Red vs. Blue brought machinima to the masses

This week's mail bequeathed upon me the fifth and final season DVD of the popular Web series Red vs. Blue, the comedic application of the video game Halo that introduced me (and much of the world) to machinima.

Machinima, in the words of the series' own Private Dexter Grif, is described simply as "taking [a] video game and puppeteering it to make a narrative story". In this case, the games are Halo and Halo 2, and the effect is produced by linking several Xbox consoles together, recording the video, then dubbing audio over it. In this way, pre-existing animation can be used cheaply and more easily than creating one's own art assets. The result is about 20 three-minute episodes per "season" detailing the ongoing battles of the Red Team and the Blue Team as they battle each other and, more often, themselves, in the Blood Gulch box canyon.

Machinima isn't limited to Halo; Rooster Teeth Productions, the group responsible for Red vs. Blue, has also produced machinima using the games Shadowrun, F.E.A.R., and The Sims 2. Almost anyone can use these and other media to produce custom films, with one of the best-known examples being the Warcraft episode of South Park.

But none of these shows is as significant as Red vs. Blue, which "has been credited with bringing new popularity to machinima, helping it to gain more mainstream exposure, and attracting more people to the art form" (Wikipedia). Graham Leggat, former director of communications for Lincoln Center's film society, described Red vs. Blue as "Part locker-room humor, part Beckett-like absurdist tragicomedy, part wicked vivisection of game culture and sci-fi action films and games; each episode features spot-on comic dialogue, sharp editing and inventive direction".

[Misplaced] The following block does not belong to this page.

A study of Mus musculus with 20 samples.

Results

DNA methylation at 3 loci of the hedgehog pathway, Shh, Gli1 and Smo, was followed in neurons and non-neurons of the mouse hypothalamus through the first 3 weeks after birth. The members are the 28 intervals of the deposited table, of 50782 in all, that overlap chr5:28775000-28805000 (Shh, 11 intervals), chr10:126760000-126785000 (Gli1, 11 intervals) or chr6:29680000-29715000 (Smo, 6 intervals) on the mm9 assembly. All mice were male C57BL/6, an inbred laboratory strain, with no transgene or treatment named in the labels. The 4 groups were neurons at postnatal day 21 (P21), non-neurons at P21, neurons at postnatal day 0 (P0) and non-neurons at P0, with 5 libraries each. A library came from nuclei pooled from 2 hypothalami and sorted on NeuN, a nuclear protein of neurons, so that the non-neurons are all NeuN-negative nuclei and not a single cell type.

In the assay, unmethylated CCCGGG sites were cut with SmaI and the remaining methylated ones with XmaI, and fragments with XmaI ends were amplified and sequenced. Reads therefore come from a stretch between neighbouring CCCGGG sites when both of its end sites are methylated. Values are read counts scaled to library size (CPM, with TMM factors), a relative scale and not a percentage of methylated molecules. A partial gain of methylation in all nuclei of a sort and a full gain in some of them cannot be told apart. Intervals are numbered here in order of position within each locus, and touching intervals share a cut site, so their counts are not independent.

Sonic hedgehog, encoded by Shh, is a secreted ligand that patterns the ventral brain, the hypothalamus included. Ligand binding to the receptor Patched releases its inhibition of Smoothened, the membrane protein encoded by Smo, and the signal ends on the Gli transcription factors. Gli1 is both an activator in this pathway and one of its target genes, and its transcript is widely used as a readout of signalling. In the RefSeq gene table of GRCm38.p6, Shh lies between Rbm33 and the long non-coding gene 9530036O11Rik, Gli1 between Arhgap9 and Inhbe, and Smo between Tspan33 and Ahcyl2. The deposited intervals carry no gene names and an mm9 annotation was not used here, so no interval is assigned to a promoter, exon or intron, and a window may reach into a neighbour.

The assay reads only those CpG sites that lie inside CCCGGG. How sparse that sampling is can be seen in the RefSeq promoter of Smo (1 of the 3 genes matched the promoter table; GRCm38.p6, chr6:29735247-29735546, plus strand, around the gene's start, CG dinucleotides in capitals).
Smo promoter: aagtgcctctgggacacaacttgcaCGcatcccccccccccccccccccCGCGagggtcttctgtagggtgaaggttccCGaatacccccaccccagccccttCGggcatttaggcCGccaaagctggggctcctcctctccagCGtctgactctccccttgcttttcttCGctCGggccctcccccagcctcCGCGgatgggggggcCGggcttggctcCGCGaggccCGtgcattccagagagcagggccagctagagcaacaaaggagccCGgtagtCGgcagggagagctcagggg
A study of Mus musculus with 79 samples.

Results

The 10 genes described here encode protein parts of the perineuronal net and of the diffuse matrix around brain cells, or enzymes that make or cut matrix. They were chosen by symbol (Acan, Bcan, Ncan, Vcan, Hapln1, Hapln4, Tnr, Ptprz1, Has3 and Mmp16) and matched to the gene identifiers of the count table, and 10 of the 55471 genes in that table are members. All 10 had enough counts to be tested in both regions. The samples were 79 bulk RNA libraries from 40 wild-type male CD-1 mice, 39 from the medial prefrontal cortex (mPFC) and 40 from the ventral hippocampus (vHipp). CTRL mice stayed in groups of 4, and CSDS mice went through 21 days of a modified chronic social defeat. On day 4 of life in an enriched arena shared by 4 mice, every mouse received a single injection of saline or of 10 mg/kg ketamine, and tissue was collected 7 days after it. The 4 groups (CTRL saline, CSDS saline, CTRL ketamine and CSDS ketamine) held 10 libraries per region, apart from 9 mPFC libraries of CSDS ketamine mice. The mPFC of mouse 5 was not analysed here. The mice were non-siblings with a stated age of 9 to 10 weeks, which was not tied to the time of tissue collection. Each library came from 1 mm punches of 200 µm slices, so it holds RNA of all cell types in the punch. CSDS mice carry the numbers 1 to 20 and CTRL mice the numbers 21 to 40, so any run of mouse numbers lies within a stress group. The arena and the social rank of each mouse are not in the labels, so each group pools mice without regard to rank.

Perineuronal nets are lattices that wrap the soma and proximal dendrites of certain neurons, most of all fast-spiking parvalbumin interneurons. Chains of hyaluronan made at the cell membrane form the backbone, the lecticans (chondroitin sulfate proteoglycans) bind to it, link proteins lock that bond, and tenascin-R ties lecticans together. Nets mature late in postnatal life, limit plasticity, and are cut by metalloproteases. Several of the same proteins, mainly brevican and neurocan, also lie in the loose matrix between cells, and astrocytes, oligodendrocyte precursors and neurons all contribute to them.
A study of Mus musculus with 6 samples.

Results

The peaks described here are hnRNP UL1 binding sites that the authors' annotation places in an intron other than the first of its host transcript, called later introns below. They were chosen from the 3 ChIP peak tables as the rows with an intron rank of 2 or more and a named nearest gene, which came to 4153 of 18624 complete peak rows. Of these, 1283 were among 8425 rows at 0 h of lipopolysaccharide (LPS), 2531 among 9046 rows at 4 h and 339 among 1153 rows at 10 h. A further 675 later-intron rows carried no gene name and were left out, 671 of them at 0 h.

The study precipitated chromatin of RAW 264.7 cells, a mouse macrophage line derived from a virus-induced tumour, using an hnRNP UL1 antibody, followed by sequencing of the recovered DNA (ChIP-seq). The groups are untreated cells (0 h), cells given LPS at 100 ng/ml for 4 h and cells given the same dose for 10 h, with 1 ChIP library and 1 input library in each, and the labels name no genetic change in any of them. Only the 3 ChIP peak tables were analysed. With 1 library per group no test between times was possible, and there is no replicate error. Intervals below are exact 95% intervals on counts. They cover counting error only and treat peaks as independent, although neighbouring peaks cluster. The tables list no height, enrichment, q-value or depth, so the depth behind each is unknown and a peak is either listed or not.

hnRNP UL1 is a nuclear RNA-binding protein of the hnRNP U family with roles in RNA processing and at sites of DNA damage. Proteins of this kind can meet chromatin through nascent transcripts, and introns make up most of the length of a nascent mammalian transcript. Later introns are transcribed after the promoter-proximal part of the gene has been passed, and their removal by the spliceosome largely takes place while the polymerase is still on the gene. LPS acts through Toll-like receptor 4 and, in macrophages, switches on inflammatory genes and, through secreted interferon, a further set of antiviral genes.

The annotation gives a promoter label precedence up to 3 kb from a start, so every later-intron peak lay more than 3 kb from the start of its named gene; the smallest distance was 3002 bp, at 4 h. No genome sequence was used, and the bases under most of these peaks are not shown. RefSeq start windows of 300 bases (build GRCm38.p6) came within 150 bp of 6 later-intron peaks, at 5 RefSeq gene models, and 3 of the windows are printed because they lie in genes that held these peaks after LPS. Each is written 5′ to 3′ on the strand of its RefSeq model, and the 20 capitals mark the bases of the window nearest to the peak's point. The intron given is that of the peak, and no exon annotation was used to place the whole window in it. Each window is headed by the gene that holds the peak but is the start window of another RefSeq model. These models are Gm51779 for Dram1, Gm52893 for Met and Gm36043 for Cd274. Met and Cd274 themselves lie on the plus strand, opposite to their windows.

Rooster Teeth wrote phenomenal scripts and brought their helmeted heroes to life by giving them identifiable voices and verbal characteristics. Rather than make their fighting squadrons true heroes of Halo, they are instead pessimistic, antagonistic, realistic, and sometimes downright dumb - just like any real person would be in a war situation. The characters and their situations are so absurd that to hear them in various one-shot public service announcements, warning about the dangers of tattoos or this thing called "the Internet", drives home the unexpected juxtaposition. Though the RvB series itself often relies on profanities (and thus is recommended for neither the prudish nor the cubicle-dwelling), their PSAs tend to be a bit tamer, as in this example:

With Red vs. Blue having concluded with its hundredth episode, what's next for Rooster Teeth? The group's Geoff Ramsey recently gave a forward-looking interview on Xbox Live's Major Nelson podcast (time indices 17:25 - 34:06). Whatever their next project, their DVDs have earned a permanent place in my library, ready to be rewatched and showcased to friends who are still strangers to the magic of machinima.